The INS Tanin Dolphin-class submarine supplied by Germany to Israel this week, is the largest submarine that has been produced by Germany since the Second World War and is one of the most expensive pieces of war equipment owned by the Jewish State.
As well as being expensive, the Tanin is also regarded as one of the “most sophisticated, stealthy, and effective conventionally-powered submarines on the the planet.”
Interestingly, the Israeli Navy’s new toy is only their fourth sub and is larger than the three they already own. The Dolphin 2 design, measures 225 feet in length with a 22 foot beam and 20 foot drought. Three diesel-electric motors generate 4,243 HP each, giving the Tanin a top speed of 25 knots underwater.
The Jerusalem Post reports that the vessel only needs 35 crewmen to operate it, way less in terms of personnel than the others in the fleet, and the all-new advanced air-independent propulsion system also puts it a cut above the rest.
Traditionally diesel engined submarines required oxygen to run and once that supply ran out, the engines died. But with the new AIP technology things work more like a hybrid car as diesel engines recharge large Li-ion batteries that power a silent propulsion system which is not limited by the need for oxygen.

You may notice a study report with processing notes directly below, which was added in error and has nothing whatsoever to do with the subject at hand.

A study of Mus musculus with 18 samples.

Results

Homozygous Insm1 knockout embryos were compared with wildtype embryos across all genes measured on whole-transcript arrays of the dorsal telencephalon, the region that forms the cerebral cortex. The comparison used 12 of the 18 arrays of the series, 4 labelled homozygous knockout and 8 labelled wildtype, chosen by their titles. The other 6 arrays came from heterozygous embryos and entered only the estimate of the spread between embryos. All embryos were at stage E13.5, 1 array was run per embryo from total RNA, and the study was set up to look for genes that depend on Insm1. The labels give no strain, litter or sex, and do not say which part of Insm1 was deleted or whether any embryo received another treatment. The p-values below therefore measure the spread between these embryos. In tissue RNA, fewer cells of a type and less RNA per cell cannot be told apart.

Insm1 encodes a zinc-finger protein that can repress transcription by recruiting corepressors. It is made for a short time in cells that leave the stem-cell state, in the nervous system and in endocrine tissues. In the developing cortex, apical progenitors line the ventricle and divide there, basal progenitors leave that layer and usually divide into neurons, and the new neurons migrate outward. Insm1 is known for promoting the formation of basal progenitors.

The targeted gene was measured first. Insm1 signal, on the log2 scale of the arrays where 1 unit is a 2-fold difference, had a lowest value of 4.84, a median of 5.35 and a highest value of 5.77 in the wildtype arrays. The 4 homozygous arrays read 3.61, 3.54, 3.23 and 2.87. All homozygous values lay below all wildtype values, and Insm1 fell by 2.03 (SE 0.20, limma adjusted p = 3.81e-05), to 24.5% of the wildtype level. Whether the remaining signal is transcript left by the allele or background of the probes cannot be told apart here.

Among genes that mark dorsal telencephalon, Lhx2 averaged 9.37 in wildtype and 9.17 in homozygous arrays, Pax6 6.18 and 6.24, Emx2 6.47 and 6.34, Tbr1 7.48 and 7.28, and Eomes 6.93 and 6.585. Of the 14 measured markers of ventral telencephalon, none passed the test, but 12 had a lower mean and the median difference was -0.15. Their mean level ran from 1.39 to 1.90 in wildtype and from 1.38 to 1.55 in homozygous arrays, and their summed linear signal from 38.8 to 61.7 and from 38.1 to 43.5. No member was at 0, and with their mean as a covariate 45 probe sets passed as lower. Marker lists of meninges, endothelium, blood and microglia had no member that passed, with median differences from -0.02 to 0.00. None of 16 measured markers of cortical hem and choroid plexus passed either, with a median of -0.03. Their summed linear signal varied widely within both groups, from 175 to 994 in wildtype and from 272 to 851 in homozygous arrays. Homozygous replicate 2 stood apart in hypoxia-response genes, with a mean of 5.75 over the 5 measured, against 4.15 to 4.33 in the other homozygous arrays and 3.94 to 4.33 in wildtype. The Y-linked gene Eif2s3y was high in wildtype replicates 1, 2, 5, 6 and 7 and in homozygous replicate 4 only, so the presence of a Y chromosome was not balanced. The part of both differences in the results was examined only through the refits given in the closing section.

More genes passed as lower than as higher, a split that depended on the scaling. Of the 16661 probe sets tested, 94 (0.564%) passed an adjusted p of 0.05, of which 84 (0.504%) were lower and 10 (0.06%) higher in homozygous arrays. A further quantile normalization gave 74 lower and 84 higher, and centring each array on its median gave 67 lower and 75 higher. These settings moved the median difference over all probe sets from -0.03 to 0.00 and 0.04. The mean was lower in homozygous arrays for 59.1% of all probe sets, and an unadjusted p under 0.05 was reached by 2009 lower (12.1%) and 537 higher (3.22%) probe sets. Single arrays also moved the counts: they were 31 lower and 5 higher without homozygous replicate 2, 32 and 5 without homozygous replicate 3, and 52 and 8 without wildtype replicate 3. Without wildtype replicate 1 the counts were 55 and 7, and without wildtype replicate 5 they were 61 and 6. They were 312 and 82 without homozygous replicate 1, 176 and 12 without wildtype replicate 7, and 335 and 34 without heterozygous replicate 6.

But you shouldn’t be fooled by the Tanin’s apparent eco-friendlyness as it is a formidable enemy in war and is equipped with room for up to 16 torpedoes and cruise missiles as well as four 650mm tubes which can be used for anything from subsea mines to special forces infiltration vehicles.
Ehud Barak, Israel’s then Minister of Defense, said during a press conference in 2012 that the initial purchase of the vessels from Germany ran at a cost of around $1.27 billion!
As Barak said at the time, “The submarine will amplify the capabilities of the IDF and the State of Israel’s strength. The Navy has undergone strategic changes over the past few years that place it at the forefront of the battle over the safety of Israel, as the long arm of the IDF. The agreement reflects the strong relations with Germany and the German government’s commitment to Israeli security.”
The new sub arrived from a Kiel shipyard in Germany at Israel’s northern port of Haifa on Monday where it will be tweaked before entering officially into service for the Israeli Navy.